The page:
So far as I can tell, Chinglish falls into two categories: instrumental and ornamental. Instrumental Chinglish is actually intended to convey information to English speakers. Ornamental Chinglish is born of the fact that English is the lingua franca of coolness. Meaning aside, any combination of roman letters elevates a commodity--khaki pants, toilet paper, potato chips--to a higher plane of
chic by suggesting that the product is geared toward an international audience.
This is also a pop-cultural phenomenon in the Former Soviet Union, albeit on a much lower level of frequency. It typically involves nonsense phrases in English emblazoned on articles of
clothing, intended to convey an air of youthfulness and joie de vivre.
Such usages often aim for a certain effect, not so much of transgressiveness as of chic, though the means often veer off into the transgressive:
In Hong Kong I once saw a teenage girl wearing a red baby-doll T-shirt emblazoned with rhinestone lettering that read: "mom, i'm a lesbian." In wearing this T-shirt, the young lady probably did not intend to announce her homosexuality to her mother--or to the world, for that matter. The English on her shirt served a decorative function; the letters were intended to convey no more meaning than paisley or houndstooth.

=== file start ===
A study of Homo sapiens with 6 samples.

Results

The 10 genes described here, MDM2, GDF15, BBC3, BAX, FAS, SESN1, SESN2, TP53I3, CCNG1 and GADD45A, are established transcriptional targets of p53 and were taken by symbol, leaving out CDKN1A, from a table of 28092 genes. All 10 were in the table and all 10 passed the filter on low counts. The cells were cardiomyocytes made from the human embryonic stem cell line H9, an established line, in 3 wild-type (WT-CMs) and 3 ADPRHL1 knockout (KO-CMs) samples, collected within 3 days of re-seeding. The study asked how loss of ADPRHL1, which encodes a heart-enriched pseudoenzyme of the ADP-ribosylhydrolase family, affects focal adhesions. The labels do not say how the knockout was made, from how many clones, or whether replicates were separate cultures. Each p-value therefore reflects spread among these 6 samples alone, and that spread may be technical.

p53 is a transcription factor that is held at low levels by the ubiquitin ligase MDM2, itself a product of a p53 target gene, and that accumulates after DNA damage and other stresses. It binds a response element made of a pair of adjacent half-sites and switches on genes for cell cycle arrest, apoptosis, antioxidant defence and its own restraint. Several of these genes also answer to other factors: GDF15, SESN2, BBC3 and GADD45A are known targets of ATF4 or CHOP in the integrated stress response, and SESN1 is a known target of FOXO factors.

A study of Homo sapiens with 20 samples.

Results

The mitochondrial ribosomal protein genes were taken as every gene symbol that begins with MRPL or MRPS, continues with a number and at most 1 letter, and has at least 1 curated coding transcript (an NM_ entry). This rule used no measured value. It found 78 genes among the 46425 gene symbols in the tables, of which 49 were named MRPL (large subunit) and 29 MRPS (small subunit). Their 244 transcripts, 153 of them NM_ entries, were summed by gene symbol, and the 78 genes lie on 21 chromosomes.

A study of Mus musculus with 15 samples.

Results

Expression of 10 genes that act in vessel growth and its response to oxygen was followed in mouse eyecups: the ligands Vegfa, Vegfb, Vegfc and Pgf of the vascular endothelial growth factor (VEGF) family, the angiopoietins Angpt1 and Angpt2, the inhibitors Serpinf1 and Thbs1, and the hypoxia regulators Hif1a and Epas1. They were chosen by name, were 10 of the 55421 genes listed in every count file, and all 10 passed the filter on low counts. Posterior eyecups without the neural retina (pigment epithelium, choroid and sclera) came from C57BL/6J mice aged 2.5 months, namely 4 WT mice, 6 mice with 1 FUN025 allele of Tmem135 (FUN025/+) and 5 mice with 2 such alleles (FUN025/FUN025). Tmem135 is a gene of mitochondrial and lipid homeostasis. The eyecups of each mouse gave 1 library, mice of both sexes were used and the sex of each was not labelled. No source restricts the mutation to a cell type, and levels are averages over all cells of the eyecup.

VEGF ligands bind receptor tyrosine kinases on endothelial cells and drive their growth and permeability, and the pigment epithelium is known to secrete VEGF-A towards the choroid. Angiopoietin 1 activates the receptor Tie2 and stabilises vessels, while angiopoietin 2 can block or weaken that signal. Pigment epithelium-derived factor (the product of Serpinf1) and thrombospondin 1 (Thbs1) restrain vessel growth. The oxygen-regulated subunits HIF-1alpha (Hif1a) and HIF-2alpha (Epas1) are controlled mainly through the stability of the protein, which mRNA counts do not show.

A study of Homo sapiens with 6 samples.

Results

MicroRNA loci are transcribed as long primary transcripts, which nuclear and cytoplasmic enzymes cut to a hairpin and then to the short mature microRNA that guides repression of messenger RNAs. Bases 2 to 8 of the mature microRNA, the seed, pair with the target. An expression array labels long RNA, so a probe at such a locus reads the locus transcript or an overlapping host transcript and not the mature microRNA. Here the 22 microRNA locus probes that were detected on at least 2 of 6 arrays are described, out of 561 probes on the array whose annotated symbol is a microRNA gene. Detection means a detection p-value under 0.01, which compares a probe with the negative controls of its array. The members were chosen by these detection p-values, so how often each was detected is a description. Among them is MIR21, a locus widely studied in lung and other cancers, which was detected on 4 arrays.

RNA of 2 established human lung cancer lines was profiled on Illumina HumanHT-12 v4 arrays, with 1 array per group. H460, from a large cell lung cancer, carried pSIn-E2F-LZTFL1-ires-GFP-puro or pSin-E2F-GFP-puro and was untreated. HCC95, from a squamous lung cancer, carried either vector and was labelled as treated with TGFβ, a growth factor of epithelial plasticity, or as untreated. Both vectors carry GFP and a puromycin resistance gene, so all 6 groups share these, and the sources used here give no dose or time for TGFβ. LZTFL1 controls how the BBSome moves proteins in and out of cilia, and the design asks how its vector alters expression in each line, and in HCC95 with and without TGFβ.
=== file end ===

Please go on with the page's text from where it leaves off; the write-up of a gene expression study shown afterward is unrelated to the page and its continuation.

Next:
Instrumental Chinglish can be more amusing still:
Recognizing that a good chunk of those who pass through People's Park may not speak Chinese, the Shanghai Municipality on Administration of Public Parks has thoughtfully provided the following English signage:
"Intrudaction Park People's Park built in 1952 Beginning re built on 2000FEB. And opening on July 1. Thearea of the part is 10million/mIt is keep old Haiting Park. Characteristic. It has new Yulan park.Health park and Founcain. and so on.
" . . public meeting or fund-raising Of any nature is inexpedient, activities of a feudalistic and superstitious nature . . . are not allowed
Visitors are not supposed to tease, scare, or capture bird, cricket, fish and shrimp or cicada (exceptthose for community purposes).
Ethic and moral codes should be duly honored, visitors are expected not to urinate or (defecate) . . ."
The salient point is not so much the information as the fact that it is being conveyed in English. I have to imagine that similar guides have been produced for 'Japanglish', which can afford similar delights. In any event, Chinglish may well prove to be an artifact of Chinese cultural history, inasmuch as the Chinese regime is determined to eradicate such malapropisms in advance of the Olympics. A sense of national pride is at stake.
Recommended companion volume: Bushisms.
PS: I should like to read John Derbyshire's thoughts on the phenomenon, which I'd imagine to be entertaining and illuminating.